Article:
The development of a newborn baby begins at birth, and the first three months is a very important stage. During this stage, your baby will go through many developmental milestones, and it is important for new parents to understand these processes so that any problems can be detected and acted on in time.
Caring for your baby can feel like an endless cycle of feedings, diaper changes, and soothing, but it doesn't take long to spot signs of your baby's growth and development. While most babies will reach certain milestones at similar ages, every baby's development is unique. It is important to note that premature babies may reach certain developmental milestones later compared to babies born at full term.
During the first three months, your baby's motor skills develop rapidly. While a newborn baby's movements may be jerky, within the next two months most babies begin to control their movements and their necks grow stronger.
By two months, your baby should be able to support their head on their own. By the end of the third month, most babies can lift their head and chest with elbow support when in the prone position. During the same time, your baby will discover that they can open and shut their hands, and by the third month, your baby can grab toys and put them in their mouth.
Hearing is also an important sign of your baby's healthy development. Newborn babies can hear sounds but don't understand what those sounds mean. In the first month of life, babies begin to recognise familiar sounds and may show this by turning their heads.
By three months of age, your baby may respond excitedly to these sounds. Or may become quiet to listen to sounds. Therefore, it is very important for parents to talk to their baby often.
Your baby's eyesight also improves dramatically during the first three months. At this stage, babies can move their eyes to follow objects. Your baby will also be able to focus on further objects.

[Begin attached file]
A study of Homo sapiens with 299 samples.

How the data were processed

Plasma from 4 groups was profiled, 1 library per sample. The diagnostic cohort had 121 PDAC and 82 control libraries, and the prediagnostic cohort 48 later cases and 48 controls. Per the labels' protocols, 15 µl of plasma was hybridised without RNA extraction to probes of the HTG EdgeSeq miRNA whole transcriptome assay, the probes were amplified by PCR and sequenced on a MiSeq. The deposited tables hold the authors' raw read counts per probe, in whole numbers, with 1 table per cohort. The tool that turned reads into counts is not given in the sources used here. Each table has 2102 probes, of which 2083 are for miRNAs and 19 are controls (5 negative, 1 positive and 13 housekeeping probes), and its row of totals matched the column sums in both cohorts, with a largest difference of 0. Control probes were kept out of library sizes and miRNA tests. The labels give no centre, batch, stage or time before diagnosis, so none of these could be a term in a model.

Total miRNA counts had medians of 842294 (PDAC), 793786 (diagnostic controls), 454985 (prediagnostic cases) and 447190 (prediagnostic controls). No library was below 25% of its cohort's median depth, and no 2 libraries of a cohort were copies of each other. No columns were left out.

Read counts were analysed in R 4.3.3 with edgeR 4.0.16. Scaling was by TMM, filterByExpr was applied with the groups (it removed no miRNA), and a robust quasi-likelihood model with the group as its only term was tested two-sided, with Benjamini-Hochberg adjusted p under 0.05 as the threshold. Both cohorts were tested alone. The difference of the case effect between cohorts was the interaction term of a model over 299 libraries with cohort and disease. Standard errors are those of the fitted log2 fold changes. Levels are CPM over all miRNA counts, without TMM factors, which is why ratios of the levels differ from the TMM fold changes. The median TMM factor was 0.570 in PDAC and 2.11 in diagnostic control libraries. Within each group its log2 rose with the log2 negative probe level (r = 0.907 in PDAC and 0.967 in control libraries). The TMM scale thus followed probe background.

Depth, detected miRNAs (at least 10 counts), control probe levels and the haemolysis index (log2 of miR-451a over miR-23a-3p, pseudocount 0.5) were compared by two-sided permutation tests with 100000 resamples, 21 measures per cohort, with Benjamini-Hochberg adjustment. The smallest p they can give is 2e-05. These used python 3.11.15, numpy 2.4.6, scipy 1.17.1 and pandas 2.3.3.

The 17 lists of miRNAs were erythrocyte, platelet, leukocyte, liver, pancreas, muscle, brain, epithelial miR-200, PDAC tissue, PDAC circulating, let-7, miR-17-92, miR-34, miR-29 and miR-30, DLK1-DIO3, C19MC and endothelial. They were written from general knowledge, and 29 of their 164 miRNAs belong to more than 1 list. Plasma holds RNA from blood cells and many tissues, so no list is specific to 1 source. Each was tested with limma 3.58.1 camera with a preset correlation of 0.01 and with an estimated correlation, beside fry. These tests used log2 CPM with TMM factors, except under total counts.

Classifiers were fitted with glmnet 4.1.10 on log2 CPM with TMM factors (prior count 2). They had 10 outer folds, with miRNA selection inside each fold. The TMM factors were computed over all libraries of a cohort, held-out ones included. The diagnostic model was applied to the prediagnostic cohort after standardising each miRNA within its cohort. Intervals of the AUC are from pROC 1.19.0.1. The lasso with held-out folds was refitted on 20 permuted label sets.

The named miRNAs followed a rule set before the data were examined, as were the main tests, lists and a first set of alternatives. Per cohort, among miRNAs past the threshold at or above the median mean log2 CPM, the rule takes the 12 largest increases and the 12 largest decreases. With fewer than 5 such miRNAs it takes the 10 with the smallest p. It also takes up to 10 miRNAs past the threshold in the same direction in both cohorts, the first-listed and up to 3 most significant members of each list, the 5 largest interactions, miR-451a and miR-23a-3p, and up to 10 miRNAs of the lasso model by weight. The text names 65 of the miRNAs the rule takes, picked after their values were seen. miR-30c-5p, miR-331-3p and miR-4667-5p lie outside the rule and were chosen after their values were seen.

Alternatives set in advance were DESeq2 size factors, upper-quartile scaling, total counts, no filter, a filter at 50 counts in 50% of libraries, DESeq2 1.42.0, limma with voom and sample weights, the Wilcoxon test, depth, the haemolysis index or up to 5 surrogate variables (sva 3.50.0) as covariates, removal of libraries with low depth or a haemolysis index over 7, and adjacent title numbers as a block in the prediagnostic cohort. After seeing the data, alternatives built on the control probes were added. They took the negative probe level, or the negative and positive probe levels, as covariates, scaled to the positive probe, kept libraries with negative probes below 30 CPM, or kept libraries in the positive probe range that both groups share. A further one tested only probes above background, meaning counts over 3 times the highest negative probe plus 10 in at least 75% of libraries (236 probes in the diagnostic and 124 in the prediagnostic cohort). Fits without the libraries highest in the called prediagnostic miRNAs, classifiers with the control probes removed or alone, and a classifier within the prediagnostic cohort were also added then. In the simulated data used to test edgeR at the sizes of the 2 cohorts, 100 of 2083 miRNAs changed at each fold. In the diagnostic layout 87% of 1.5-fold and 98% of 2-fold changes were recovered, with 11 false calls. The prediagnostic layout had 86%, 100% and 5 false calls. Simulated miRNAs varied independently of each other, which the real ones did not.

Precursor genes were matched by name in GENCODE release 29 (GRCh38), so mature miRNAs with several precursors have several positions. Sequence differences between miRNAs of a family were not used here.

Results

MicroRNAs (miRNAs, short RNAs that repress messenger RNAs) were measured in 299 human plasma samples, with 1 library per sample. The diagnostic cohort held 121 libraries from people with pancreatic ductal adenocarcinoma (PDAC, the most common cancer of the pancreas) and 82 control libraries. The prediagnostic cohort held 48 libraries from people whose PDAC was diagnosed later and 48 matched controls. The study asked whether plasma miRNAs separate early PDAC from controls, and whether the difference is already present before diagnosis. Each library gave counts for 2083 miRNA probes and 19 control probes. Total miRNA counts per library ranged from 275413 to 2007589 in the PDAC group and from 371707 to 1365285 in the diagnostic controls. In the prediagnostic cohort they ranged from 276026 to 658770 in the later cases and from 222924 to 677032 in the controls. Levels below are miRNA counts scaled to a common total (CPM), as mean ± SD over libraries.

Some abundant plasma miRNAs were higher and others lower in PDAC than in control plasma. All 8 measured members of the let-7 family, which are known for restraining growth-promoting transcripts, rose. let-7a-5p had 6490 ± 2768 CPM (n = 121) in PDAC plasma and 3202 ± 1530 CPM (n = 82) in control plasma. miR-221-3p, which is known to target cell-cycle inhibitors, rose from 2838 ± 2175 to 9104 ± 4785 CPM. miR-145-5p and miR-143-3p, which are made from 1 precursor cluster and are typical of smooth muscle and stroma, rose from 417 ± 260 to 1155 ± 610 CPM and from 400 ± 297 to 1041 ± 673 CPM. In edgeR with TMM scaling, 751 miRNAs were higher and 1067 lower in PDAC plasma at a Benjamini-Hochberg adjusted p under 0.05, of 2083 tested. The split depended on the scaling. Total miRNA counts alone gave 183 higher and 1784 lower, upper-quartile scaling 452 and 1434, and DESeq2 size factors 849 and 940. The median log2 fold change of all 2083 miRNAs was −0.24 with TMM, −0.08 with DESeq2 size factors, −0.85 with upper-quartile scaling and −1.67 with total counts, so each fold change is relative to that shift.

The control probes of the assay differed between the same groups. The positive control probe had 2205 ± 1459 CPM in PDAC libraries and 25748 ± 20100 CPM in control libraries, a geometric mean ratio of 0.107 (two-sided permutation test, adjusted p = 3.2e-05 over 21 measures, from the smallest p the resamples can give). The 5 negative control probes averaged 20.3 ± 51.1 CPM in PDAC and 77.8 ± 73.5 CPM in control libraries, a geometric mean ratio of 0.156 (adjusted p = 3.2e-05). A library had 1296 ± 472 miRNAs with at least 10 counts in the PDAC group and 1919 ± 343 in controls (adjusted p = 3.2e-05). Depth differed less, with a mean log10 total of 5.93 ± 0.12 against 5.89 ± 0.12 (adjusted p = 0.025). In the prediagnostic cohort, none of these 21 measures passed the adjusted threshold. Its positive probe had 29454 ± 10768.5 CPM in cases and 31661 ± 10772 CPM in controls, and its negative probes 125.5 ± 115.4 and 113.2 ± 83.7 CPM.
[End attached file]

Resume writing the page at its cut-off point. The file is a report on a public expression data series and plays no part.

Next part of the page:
Around two months old, babies may begin to smile when others smile at them. By the end of the third month, your baby should be able to make eye contact with you, an important step in bonding.
To facilitate your baby's development, there are several ways to help your baby grow:
First, hold the baby. Skin-to-skin contact helps your baby's brain develop, while holding your baby makes them feel safe, secure and loved. Let your baby grab your fingers and touch your face, which can increase parent–child interactions.
Second, speak freely with your baby. When your baby looks at you, maintain eye contact, talk to your baby, and vary your expression and tone of voice. Simple conversations can lay the foundation for your baby's language development. Singing songs out loud, reading stories, and responding to your baby's coos and babble help with your baby’s language development.
Third, keep it interesting. Give your baby toys with different textures or bold patterns, briefly place your baby on the tummy and play, make funny noises, and encourage your baby to hold their head up, although many newborn babies feel fussy or restless when they are on their tummy. For the baby, everything is new, but it should be noted that your baby should not be overstimulated.
Fourth, respond quickly to crying. For most newborn babies, the frequency of crying peaks around six weeks after birth and then gradually declines. Parents must not think that too much attention will spoil the baby, and don't feel dejected. Responding to your baby in a timely manner helps to form a strong bond with your baby, and crying is one of the ways your baby processes emotions or expresses needs at this stage.